But the black market for marijuana is still bigger.
By Wolf Richter for WOLF STREET.
The California Department of Tax and Fee Administration reported today that cannabis legalization and taxation in the state came in the nick of time. Just when the state is under extreme fiscal pressure, cannabis is pulling through: Cannabis tax revenues in the second quarter soared 32.6% from a year ago, to another record of $208.4 million (not including revenues collected by cities and counties). And this during the Pandemic!
Over the first two quarters combined, cannabis tax revenues, at $414 million, were up by 44% from the same period in 2019 and by 150% from the same period in 2018. This activity – not weed per se, which has always been a big popular business in the state, but the switch from black-market weed to regulated and taxed weed – has had a growth rate like hardly any other in the state at the moment:
Cannabis tax revenues come in three categories: Excise tax, cultivation tax, and sales tax. With a sales tax rate of 7.25% (state 6% and mandatory local 1.25%), and $83.7 billion in sales taxes reported, we can figure that reported weed sales in the quarter amounted to $1.15 billion. Given the growth trends, those revenues will come close to $5 billion for the year 2020.
In addition, first quarter tax revenues were heavily revised up today, from $134.9 million to $205.9 million. We were advised in the Q1 report back in May that this would happen:
“Due to the COVID-19 pandemic, 1st Quarter 2020 is a unique reporting period since approximately half of the taxpayers normally reporting have yet to file a return with the CDTFA. Revisions to 1st Quarter 2020 data are expected in mid-August after the 2nd Quarter return filing due date of July 31.” And that’s what happened today.
California Proposition 64, approved by the voters on November 8, 2016, started the process of turning the production, distribution, sale, and use of recreational cannabis by adults into a legal business.
The regulations that followed were complex with all kinds of twists and turns. Three regulatory offices are in charge: The California Bureau of Cannabis Control in the Department of Consumer Affairs; the California Department of Food and Agriculture; and the California Department of Public Health. In addition, state-licensed facilities need to have the prior approval by local city or county governments – and some have chosen to not approve such facilities. But at the state level, it all got worked out, and January 1, 2018, was the big day.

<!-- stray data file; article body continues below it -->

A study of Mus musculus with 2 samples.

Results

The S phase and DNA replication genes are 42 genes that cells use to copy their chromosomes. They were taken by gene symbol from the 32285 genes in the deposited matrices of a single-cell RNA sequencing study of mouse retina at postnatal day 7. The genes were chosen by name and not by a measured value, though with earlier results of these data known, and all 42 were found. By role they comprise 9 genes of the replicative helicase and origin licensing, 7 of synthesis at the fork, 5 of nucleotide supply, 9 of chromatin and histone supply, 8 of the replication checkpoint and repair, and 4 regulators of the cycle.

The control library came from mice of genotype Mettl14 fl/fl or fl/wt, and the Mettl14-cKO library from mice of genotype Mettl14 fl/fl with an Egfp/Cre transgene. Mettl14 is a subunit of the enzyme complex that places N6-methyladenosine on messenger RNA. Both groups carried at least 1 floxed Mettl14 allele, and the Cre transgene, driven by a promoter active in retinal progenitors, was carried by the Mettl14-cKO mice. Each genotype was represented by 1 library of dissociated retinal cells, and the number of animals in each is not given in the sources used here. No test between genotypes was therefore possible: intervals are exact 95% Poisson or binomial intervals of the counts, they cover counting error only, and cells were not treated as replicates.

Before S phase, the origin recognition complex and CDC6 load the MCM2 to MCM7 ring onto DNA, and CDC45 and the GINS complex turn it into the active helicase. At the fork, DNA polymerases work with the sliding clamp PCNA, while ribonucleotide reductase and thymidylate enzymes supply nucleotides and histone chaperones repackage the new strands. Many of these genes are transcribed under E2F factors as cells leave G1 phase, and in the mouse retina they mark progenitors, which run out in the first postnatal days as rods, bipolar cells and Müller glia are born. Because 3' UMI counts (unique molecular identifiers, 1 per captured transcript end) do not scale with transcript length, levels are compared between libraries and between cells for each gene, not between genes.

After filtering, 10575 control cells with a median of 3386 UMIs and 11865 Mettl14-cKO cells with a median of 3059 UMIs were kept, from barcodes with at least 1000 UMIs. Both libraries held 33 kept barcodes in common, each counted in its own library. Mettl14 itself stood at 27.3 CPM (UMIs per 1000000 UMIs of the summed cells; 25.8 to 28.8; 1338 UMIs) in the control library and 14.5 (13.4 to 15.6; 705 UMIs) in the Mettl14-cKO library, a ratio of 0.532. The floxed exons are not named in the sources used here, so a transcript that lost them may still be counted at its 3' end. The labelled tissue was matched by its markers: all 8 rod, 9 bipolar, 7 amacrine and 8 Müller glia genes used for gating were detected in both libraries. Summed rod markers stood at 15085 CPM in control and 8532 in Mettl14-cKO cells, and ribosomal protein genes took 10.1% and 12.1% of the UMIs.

“Medical” marijuana has been legal for adults in California since 1996 and remains exempt from sales taxes for those willing to jump through some hoops at their county health department, including a $100 fee.
Under federal law cannabis – including THC and CBD – is still illegal, being a Schedule One substance under the US Controlled Substances Act. And those sets of state and federal laws live uneasily side-by-side, observing some kind of truce for most producers, distributors, vendors, and users, but there is no guarantee that the feds won’t swoop in to shake things up. But there seems to be an understanding that the feds would focus enforcement on criminal organizations.
And the black market continues to do its thing. There are no pesky regulations to observe, and no taxes to pay, neither for the pot imported, produced, distributed, and sold in California, nor on the income generated by those activities. And in cities and counties that haven’t approved state-licensed dispensaries, the black market is all there is.
For black-market participants, there are major legal risks, including getting arrested and having product confiscated.
In 2019, the California Bureau of Cannabis Control alone seized nearly 24 tons of illicit cannabis, valued at nearly $133 million. The federal Drug Enforcement Agency reported that in California in 2019, it seized 3.19 million plants that had been cultivated outdoors and indoors, “eradicated” nearly 2,000 outdoor and indoor grow sites, confiscated about 100 tons of processed bulk marijuana, and made 1,567 arrests.
Black-market weed sales in California amounted to $8.7 billion in 2019, according to estimates by BDS Analytics and Arcview Market Research, cited by the Sacramento Bee, far outdistancing the $3.1 billion in legal weed sales in 2019.